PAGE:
I was on holiday recently at La Gomera and discovered that it's quite a fascinating place. This little Spanish island has some pretty awesome surprises in store for you! Here are 5 facts about La Gomera I found very interesting and, I believe, so will you.
It's an ancient volcanic island
La Gomera is a small volcanic rock formation in the Atlantic Ocean, with a diameter of only 22km. Yet its highest peak, Alto de Garajonay, protrudes out of the island some 1500 metres above sea level.
La Gomera feels like a place that time forgot. The population density is only 59 people per square kilometer and you can drive from deep ravines and sleepy mountains down to abandoned villages and deserted rocky beaches without seeing almost anyone or encountering a single traffic light.
The Garajonay National Park on La Gomera protects the island's rainforest and is a UNESCO World Heritage site. Thanks to the volcanic past of La Gomera, you will discover and be awed by the many faces and climates the island offers.
It's actually in Africa
La Gomera is part of the Spanish Canary Islands and is the second smallest of the seven. Despite belonging to Spain, they're actually located near Morocco, off the coast of Africa.
The Spanish conquest of La Gomera began in 1404 and was met with fierce resistance by the inhabitants. The last of the tribes wasn't subdued until 1489.
The conquest was finalised at the summit and centre of the island that had served as the sanctuary of Orahan, the God worshipped on the island and where many of the natives took refuge before defeat by the Spanish.
But scientists studied the inhabitants of La Gomera and found that the Northwest African genetic footprint of the aboriginal peoples of the Canary Islands still persists to this day.
The world's last whistling language
The Guanches, who were the original peoples of La Gomera, had an ancient language of whistled speech, called Silbo Gomero. This whistling language was used to communicate across the steep ravines of the island and it could be heard more than 2 miles away.
The existence of the language has been recorded since the Roman times. In the 16th century, the Spaniard settlers adopted Silbo Gomero. Thanks to this, the language survived the assimilation of the Guanche people who today are no longer with us.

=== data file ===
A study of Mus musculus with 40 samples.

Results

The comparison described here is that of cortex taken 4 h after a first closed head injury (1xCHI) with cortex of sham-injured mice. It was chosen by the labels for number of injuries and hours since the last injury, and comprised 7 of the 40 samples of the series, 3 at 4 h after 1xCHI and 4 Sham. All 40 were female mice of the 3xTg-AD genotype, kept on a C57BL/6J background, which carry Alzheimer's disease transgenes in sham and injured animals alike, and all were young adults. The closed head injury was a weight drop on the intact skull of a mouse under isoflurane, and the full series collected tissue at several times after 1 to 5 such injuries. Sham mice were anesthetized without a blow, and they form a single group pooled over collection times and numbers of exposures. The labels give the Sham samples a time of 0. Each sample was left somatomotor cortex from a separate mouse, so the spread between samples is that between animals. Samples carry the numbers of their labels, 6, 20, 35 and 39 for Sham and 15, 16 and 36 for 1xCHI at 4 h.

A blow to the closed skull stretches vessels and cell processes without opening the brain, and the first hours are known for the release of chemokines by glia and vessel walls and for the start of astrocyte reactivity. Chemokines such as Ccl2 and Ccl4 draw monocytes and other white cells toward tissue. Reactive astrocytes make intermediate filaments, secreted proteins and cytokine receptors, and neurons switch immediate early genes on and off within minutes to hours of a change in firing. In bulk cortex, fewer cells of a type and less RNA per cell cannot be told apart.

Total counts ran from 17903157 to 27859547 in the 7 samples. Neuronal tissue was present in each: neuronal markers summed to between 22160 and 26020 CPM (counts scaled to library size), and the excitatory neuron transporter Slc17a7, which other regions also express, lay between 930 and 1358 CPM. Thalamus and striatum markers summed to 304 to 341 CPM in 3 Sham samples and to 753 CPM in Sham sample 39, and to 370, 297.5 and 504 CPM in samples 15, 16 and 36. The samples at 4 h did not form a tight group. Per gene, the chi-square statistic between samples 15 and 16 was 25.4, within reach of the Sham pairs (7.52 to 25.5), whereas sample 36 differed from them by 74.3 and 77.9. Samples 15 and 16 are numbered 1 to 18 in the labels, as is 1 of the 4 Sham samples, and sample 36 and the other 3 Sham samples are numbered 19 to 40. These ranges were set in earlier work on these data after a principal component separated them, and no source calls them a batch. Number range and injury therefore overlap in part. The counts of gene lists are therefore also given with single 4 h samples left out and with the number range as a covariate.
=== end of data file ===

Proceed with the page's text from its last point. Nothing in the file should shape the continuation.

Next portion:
Today, the local government requires all children to learn the language in school to continue the existence of the language into the future. I suggest asking a local to teach you how to whistle a few phrases yourself!
Christopher Columbus and the New World
With the support of the Spanish Crown, Christopher Columbus, or Cristobal Colon as he is known to the Spanish, made his voyage to the Americas in 1492, forever changing our understanding of our planet.
The last port of call across the Atlantic Ocean happened to be the port of La Gomera, just 3 years after the last aboriginal tribes surrendered to the Spanish.
Although he planned to replenish food and water supplies for only a few days, his trip was extended to a month after arrival. The reason for this was the widowed Countess of La Gomera, Beatriz de Bobadilla Y Ossorio, who offered him vital support in preparation. In reality, it is said it was the beauty of the bored countess that postponed the dashing young adventurer' trip.
It was not the last time the two met either. In 1943 and 1498, Columbus had another two voyages to the Americas which both set sail from La Gomera. Casa de Colon, the house reputed to have been the place where Columbus stayed, is a tourist attraction now. I recommend a trip there to see the permanent exhibition of pre-Columbian sculptures they have on display.
Where man met God
A quirky hidden treasure on the island can be found near an abandoned village named Gerian. It's a tiny chapel perched on the edge of a cliff at a dizzying height of 950 metres. Built in 1962 by a farmer called Don Candido Dorta, as I was told by a local friend, it has a story of small wonder behind it.
Namely, the farmer's cow was very sick. Not wanting his livestock to die, he promised God that, if the cow survived its illness, he would build a place of worship for God. The animal got better and so the farmer built the chapel as a thank you to God for saving his animal friend. Now, the locals hold a fiesta in the chapel every year in October, keeping the story alive – you're welcome to check it out.